Then the car locked automatically. It takes all of ten seconds for Nina the Car to shut down like a tank. Because of this, no one will ever steal her, not even me. Her security system is so sensitive it can be set off by a firefly. It's like owning a really vicious Rottweiler. Every time someone takes a step too close, she starts snarling her head off, even when you're the one holding the end of her chain.
I shook my fists at the sky. I haven't had the car for two months and I've already had the check engine light turn on, a tire deflate, and the battery run dead. I seem to be going through the whole checklist of things that can go wrong with a car.
Not knowing what else to do, I went back into the building. I saw a security guard in his office and humbly asked what I should do. He directed me to the engineering department. The engineer and I walked out to the car, where he attempted to pull the doors open with his bare hands. He seemed strangely surprised that his fingers couldn't pry open a car door. Then he advised me to call the local police.
The engineer and I waited for the police outside under a streetlight in the otherwise lifeless employee parking lot. A coworker pulled up in a truck.
"Did you lock your keys in your car?"
"What you need to do is get a screwdriver and then wrap it in a piece of cloth and dig it into the top of your car door. Then you pry open a space to fit in a coat hanger."
I suspected that this coworker might be an expert car thief.
"You've been down this road before," I said.
As he drove away, I tried to imagine myself prying open a car door with a screwdriver. I was not the Herculean strong-man for the job, but the man swerving away in the truck might have been. The engineer was offering to fetch me a screwdriver when the police arrived. He scribbled down my licence plate number and information and gave me something to sign.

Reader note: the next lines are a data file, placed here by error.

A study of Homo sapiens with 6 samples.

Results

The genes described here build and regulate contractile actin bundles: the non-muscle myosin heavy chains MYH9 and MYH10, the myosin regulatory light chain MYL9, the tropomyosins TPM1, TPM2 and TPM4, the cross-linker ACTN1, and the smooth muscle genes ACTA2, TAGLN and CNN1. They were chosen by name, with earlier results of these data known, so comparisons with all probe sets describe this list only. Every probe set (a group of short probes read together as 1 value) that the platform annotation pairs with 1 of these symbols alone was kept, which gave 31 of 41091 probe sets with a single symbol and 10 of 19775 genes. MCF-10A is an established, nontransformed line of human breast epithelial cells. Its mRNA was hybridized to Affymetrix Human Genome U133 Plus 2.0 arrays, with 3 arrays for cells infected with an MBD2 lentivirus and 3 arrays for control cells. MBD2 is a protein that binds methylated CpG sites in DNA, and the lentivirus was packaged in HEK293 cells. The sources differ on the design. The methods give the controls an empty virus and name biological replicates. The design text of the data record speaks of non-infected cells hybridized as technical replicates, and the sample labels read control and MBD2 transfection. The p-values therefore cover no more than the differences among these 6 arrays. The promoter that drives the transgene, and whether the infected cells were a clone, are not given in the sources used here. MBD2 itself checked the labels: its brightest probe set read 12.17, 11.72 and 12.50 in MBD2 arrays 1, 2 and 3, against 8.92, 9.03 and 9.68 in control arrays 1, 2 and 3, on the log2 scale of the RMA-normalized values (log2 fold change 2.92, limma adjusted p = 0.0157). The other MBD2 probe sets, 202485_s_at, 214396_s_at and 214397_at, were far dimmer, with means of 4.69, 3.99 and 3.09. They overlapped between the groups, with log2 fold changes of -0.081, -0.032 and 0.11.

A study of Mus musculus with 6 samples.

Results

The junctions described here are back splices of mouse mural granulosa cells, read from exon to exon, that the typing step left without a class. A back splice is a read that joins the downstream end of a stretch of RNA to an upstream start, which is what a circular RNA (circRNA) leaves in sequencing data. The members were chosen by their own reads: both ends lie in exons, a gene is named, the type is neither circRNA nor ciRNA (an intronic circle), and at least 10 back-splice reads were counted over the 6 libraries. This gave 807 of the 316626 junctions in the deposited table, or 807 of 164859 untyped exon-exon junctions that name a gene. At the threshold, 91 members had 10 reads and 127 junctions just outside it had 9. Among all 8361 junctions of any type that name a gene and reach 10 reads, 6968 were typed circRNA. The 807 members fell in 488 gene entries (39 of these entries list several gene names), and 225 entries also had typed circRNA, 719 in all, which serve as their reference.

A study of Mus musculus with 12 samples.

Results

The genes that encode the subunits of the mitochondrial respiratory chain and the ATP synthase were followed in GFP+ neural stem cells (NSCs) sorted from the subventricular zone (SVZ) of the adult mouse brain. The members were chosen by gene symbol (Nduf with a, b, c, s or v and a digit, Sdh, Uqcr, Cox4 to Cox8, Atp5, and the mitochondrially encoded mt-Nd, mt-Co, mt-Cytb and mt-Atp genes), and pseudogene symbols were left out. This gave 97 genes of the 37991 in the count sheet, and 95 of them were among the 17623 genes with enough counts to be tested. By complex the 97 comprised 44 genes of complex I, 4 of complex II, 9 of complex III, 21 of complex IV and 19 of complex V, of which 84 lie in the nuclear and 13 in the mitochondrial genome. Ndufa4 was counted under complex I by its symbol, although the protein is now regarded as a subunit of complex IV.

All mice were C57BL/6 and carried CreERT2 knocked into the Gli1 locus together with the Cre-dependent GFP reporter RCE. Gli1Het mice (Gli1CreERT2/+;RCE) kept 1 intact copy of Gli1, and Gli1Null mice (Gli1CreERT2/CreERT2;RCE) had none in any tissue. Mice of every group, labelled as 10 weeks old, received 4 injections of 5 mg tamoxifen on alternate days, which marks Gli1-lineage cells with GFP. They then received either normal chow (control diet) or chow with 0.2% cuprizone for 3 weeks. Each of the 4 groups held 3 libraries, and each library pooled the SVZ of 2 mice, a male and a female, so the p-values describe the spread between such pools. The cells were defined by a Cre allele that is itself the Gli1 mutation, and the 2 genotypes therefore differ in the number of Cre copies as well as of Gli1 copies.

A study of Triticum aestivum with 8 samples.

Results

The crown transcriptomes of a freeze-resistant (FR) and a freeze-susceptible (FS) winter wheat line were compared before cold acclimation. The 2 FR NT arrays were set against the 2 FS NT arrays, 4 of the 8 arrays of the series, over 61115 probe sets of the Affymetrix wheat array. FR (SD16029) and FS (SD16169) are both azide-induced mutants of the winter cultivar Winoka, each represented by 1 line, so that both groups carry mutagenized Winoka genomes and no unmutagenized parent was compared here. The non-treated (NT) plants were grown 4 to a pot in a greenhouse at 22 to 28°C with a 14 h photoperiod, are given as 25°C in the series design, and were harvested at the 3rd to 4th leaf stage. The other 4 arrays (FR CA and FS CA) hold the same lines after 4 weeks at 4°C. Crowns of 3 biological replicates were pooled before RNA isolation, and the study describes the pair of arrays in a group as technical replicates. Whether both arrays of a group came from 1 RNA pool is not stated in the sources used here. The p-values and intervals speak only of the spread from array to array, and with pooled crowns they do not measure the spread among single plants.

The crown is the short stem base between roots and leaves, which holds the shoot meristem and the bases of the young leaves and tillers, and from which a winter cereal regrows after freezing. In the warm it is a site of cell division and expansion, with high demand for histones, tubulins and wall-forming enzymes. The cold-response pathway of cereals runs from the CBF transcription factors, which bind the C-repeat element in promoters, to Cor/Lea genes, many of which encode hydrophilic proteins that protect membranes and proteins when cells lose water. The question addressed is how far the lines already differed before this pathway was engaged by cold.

"I don't know if I'll be able to open the car," the officer said, producing a black duffle bag full of thick, rubber-coated wires. "We used to carry slim jims. Now the department says we can't do that anymore. The slim jim will open up most cars, but sometimes it will break the lock system. Then the people who own the cars can't sue because they signed a waiver."
Then I realized that the thing I had hastily signed was a waiver.
"But I can open up a car with a slim jim in ten seconds flat," he boasted. "I've been doing it for fifteen years. It's these new guys who don't have the proper training who break cars."
He proceeded to mutter about department funding as he wedged one of his tools into the corner of the car door. He was still unable to fit one of the wires into the door, so he inserted a thing that sort of looked like a whoopee cushion and pumped air into it as though he was taking the car's blood pressure. The air wedged the door open a little bit more and the wire fit into the space with ease. At the end of the wire was a little nub of rubber that was supposed to catch on the lock of the door and unlock it.
For the next ten minutes, I watched the officer fish wires of varying lengths into my car to catch the lock. This tense display of skill was like watching someone play the crane game in an arcade and dropping the teddy bear over and over again. The rubber nub would nick the lock, slip, and thud against the window like a bird. The officer took out the wire, bent it at another angle, and tried again. Finally, the lock bobbed up and the car alarm went off. I flung open the door and dug my keys out of my purse, resolving to make a copy of my car key and wear it around my neck for the rest of my life.
"Yeah, if I had the slim jim it would have taken me ten seconds, not ten minutes," the officer muttered. "But the department thinks this is better. What do I know?"
I thanked the officer and he drove away with his duffle bag of magical wires. I also thanked the engineer, who had been supervising the unlocking process. I waved goodbye and he walked away, waving. I called Dave to let him know why I was coming home late.
"Why didn't you just call me? I could have just brought you your spare key," he said.
When I hung up the phone, the engineer was still there, waving. So I waved again. I pulled around the parking lot. He was still there, slightly little closer to the building now, waving.